Sharpening a lawn mower blade is important to keep your lawn healthy and green. A sharp blade will cut the grass blades instead of tearing the grass blades. A dull blade will tear the grass blades which results in silver or brown grass blades, this makes your lawn look brown or silver. Torn grass ends also make the lawn more susceptible to disease. This article teaches you how to sharpen and balance your lawn mower blade.
When the blade is sharp it cuts the grass more times before it gets thrown from the mower. This helps with mulching.
Mower Blades should be sharpened once a year if you mow once a week during a normal three season schedule. With more use you may want to sharpen it more often.
In this article, you will find information about:
Remove the spark plug by disconnecting the spark plug wire from the top of the spark plug.
Use a piece of wood to prevent the blade from moving when it is turned. It works well to put the wood thru the discharge chute as shown in the image.
Use a wrench to remove the bolts holding the blade on. Bolts are typically attached with two bolts.
There are two options to get a sharp blade, replace the blade or sharpen the blade. If the blade is badly damaged, dented or bent beyond repair, then you will need to replace it with a new one.
sharpening: If you are able to sharpen it you can either take it to a blade sharpening service or sharpen it yourself using a grinder or file. If the blade has a lot of large dings then you should use a grinder to grind them out. If the blade only needs minor fine tuning then you may be able to use a flat file. Try to grind/file the blade to the same angle as installed when it was made.
blade heat: If using a grinder make sure to not allow the blade to heat up by moving the grinding wheel across the blade and not holding in a single spot long enough to let the blade heat up. Excessive blade heat will cause the blade to lose its temper and therefore not be as strong.
Balancing the blade is critical to keeping your mower running smoothly and to keep it from damaging the mower. A blade out of balance will vibrate and cause pre-mature failure of the bearings that the blade spins on. After the blade is sharpened it may be out of balance because steel has been removed from it.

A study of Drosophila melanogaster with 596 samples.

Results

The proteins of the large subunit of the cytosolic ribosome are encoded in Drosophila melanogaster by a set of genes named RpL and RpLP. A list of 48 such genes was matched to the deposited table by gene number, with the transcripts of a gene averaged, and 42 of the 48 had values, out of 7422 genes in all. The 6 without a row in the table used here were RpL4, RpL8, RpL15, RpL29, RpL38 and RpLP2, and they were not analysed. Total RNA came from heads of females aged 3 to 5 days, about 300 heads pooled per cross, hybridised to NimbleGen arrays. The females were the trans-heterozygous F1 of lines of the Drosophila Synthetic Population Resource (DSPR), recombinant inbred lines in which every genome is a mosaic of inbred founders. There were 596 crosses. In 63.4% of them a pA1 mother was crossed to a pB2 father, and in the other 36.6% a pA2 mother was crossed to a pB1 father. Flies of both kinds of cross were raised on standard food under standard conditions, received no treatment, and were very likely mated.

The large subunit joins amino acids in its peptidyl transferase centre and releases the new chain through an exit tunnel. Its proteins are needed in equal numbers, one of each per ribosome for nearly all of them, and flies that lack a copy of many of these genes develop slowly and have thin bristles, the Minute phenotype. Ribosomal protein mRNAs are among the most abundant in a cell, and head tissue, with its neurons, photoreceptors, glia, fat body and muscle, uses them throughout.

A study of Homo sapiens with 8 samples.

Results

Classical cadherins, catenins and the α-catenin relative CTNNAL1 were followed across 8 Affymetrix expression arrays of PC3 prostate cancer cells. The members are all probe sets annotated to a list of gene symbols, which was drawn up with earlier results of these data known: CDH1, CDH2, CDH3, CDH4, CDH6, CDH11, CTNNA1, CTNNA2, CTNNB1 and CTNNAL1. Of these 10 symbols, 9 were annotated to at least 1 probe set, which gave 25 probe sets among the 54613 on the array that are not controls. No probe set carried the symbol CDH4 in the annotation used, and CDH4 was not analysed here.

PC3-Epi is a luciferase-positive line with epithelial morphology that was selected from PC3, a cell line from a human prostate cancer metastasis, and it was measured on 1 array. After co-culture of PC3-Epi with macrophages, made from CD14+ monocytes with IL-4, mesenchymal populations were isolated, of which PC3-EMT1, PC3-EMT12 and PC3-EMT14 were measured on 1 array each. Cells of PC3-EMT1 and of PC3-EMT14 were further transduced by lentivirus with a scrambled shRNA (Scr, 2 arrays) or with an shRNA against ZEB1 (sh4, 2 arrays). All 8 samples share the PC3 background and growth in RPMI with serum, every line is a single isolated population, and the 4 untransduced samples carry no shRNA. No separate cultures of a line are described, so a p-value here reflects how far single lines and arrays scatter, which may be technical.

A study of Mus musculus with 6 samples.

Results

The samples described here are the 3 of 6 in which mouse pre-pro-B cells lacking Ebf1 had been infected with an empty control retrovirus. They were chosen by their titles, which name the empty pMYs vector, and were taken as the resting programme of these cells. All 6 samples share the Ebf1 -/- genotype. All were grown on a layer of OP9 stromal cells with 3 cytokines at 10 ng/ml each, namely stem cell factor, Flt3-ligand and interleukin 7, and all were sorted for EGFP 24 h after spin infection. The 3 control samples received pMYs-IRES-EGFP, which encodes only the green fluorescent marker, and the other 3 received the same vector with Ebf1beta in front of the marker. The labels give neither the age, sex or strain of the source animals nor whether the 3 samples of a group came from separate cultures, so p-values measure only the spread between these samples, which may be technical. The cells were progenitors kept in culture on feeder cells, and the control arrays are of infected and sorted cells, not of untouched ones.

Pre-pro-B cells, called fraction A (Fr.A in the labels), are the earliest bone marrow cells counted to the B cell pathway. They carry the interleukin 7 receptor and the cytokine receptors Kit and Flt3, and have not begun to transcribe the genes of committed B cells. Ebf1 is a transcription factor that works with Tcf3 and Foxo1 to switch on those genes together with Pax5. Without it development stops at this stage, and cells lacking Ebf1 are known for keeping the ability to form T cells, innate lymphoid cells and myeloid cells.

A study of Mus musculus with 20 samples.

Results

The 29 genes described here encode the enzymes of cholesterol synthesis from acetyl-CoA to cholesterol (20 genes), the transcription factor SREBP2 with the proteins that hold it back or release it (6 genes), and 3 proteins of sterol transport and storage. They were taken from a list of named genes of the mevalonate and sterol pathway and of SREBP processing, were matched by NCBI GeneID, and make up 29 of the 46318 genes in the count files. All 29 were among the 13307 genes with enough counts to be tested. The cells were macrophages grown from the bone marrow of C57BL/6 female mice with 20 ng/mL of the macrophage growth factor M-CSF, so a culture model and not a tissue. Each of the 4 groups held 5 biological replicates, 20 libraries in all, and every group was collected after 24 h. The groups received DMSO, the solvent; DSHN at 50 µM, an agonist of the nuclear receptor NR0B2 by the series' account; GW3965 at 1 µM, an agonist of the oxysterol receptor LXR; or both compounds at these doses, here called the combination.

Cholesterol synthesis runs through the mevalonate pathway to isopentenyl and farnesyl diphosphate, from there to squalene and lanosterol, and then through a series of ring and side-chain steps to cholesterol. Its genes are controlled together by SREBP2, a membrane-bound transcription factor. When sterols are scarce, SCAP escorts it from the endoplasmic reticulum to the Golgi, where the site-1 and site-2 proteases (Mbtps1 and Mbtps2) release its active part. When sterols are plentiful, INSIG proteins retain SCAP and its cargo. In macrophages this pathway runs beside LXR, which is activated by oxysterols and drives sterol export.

Use either a blade balancing kit purchased from a store that sells lawn mowers or a nail nailed to a wall. This article shows how to balance a lawn mower blade using a nail.
These are the steps to balance the lawn mower blade:
Make sure there is no grass or other debris to keep the blade from sitting tight against its mount. Attach the blade to the lawn mower. You will need to re-position the wood block so the blade will bind against it when it is rotated in the opposite direction while turning the bolts clockwise.
Connect the spark plug wire to the spark plug. Be careful to make sure the metal tabs that clamp the top of the spark plug are not bent and that they will fit snugly on the top of the spark plug. When you push it onto the top of the spark plug make sure it snaps onto the end of the spark plug.
After you sharpen the blade you may also want to tune up your lawn mower. This article teaches you how to tune up and maintain your lawn mower to keep it running smoothly.
Todays lawn mowers are built very well which means a long service life. It is important to take care of your lawn mower investment. Proper maintenance will help it last longer, keep it cutting better and help with fuel economy.
Most home stores or small engine repair shops stock the parts for lawn mowers including air filters, spark plugs blades, oil and blade sharpening tools.
To sharpen the blade you wil want to remove it from the mower. REMOVE THE SPARK PLUG WIRE FROM THE SPARK PLUG FOR SAFETY. There is a bolt at the center of the blade that you need to remove and then the blade will come off. Make sure there is no fuel in the mower and turn it on its side so that you have access to the blade. Use a block of wood to bind the blade when it tries to rotate in the clockwise direction. Make sure the bolt is clean so that the wrench can get a good hold on the bolt head without stripping it. Put the proper size wrench on the bolt and rotate it clockwise. Remove the bolt and blade.
You can take the blade to a knife sharpening shop or small engine repair shop and have them sharpen it for you. If you decide to do it yourself you can sharpen the blade using a flat metal file or wheel grinder. Remove the metal at the same angle that is currently on it.
Balance the blade. Read the article How To Sharpen A Lawn Mower Blade to learn how to sharpen and balance a lawn mower blade.
Remove the air filter and clean it off. If it is not too dirty you can hit it flat against the sidewalk, dirty side down, so dirt and dust will fall out. If you have a air compressor you can blow it off. If it is really bad you should replace it.
Replacing the spark plug is done by removing the spark plug wire and then using a spark plug socket wrench which is usually a 3/4" or 13/16" socket. The spark plug will be gapped at the factory, if you drop it and bend the electrode you will need to regap it. Install the new spark plug, tighten it with the socket until it is snug then turn it another quarter turn, Do Not Over Tighten It! Replace the spark plug wire before starting the mower.
Replacing the oil is done by removing the oil drain plug which is located under the mower close to the shaft that holds the mower blade. Getting the oil out of a mower is sloppy so you will want to work on a surface that will be ok with an oil drip. It helps to put down a piece of cardboard to work over.